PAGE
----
He didn’t quite use the dreaded term ‘fake news’ — but he came mightily close. “The news is not true,” Unai Emery said with a smile on Friday, when quizzed over how he had responded to seemingly false reports of a furious training ground bust-up with Mesut Ozil this time last week. “In my career, I do not stop for news when it’s not true. When the news isn’t true, it isn’t true.”
But what about when the news isn’t quite true, or quite false? In case you missed any of last week’s rabid speculation: the normally equanimous Ozil was said to have thrown something of a hissy fit when Emery dared to inform him that he wouldn’t be deployed in his favoured No 10 role against West Ham, storming home and refusing to take up his place on the substitutes bench the next day. So far, so unlikely.
And so it proved, at least according to Emery, who duly insisted that Ozil was laid low with a suspected bout of laryngitis, causing him to miss last Friday’s training session as well as the 3-1 win over West Ham. Yet, listening to the Spaniard speak ahead of Sunday’s trip to Cardiff, it was impossible not to notice the parallels between what he was speaking about — namely, that his playmaker needs to play where his team needs him to, and not necessarily where he wants — and that which he last week denied saying.
Reports of an explosive row at London Colney and Ozil subsequently skiving off like a naughty teenager may be well wide of the mark, but there is no question that Emery is still working out just how best to utilise his highest-paid player, a man effectively given the run of the place during Arsène Wenger’s time at the club. And it remains far from certain that Emery sees Ozil as the fulcrum of his side.
“The most important is the mentality for helping the team with his quality and his performance,” Emery explained, neatly sidestepping a question on whether he believed Ozil’s best position to be at No 10. “I like the possibility to have the player play different positions on the pitch. It depends each match and is the same for other players too. For that, Mesut has played with me on the right wing and also as a 10 and we are going to continue to do that.”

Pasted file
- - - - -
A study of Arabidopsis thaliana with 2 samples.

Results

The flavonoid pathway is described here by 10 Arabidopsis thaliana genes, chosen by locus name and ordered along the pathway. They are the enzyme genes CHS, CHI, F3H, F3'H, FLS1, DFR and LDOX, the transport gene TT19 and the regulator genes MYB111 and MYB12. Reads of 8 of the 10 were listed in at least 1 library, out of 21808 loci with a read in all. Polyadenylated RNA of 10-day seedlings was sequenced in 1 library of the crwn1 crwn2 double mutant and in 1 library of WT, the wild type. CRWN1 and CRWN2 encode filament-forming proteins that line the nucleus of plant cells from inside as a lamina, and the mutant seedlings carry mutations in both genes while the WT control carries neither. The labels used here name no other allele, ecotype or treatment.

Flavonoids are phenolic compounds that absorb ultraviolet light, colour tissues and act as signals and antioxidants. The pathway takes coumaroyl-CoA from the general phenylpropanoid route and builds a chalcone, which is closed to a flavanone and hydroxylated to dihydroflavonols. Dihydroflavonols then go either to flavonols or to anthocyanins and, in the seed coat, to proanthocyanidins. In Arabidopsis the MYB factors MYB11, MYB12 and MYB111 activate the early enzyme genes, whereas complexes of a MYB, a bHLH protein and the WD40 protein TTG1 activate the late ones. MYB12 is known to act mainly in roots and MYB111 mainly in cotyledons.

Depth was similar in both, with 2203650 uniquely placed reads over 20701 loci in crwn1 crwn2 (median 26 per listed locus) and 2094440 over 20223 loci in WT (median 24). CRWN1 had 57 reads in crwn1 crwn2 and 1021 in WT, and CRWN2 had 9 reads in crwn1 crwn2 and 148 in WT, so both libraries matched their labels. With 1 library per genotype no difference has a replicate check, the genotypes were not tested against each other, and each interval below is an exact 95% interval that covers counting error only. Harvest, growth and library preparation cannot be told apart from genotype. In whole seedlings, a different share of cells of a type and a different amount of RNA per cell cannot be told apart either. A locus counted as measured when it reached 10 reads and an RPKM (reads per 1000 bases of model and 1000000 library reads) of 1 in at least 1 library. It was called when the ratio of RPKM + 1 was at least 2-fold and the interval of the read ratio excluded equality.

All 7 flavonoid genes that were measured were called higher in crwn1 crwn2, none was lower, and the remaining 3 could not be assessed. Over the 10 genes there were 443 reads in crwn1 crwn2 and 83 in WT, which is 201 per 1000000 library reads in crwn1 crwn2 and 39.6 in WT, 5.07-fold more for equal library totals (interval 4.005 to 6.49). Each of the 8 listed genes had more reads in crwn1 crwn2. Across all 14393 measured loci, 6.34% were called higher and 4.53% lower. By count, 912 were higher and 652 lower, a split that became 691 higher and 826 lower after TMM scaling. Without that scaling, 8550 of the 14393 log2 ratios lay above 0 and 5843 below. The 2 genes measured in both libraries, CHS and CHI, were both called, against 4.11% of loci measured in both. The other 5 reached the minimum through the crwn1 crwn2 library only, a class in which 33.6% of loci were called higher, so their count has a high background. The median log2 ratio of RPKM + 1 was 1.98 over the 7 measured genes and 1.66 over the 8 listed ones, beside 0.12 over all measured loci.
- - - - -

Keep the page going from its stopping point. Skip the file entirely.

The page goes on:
After three games and a maiden victory Emery’s Arsenal team are slowly beginning to take shape — with his players showing in isolated bursts that they are coming to terms with his intensive high-press and eye-wateringly high-line — and yet Ozil’s role in all of this remains uncertain. He played on the right of midfield in Arsenal’s opening weekend loss to Manchester City, before moving inside against Chelsea, only to be withdrawn in the second half of the 3-2 defeat. And then the West Ham bunk.
Not that Emery is too worried, instead insisting that he will continue switching Ozil around as he sees fit. “In Mesut’s career he has played both as a ten and on the right,” he said. “When he was playing in Madrid, I remember a lot of matches on the right. His quality is for playing between the lines, attacking and midfield players. But I spoke with him for his best position on the pitch and I know he can play right and ten player. And I know he wants that I can use him for two positions.”
It’s all a far cry from the Wenger era, during which a stately Ozil spent five seasons alleviated from most defensive responsibility and utterly assured of his place in Arsenal’s starting XI, before being rewarded with a lucrative three-and-a-half-year contract extension in February. That deal made him the most expensive player in the history of the club.
Somewhat ironically that contract extension — one which club insiders concede Wenger was hesitant to approve because of lingering doubts over the player’s work rate — may ultimately have been prompted by interest in Ozil from Paris Saint-Germain, then managed by Emery. “When I was working in Spain and for the last two years with PSG, I spoke with a lot of people and players about the possibility to one moment sign,” was Emery’s non-answer on the topic.
Instead those nascent talks amounted to nothing, with Emery instead inheriting Ozil as the most valuable player at his new club. How long Ozil retains that star billing remains to be seen, although — barring another untimely bug — the German will be handed his chance to impress at Cardiff this weekend.
“He’s training normally with the group, in every session this week,” Emery added. “He’s OK. After this, it’s about where he is better for us and also about the opposition’s style of play.”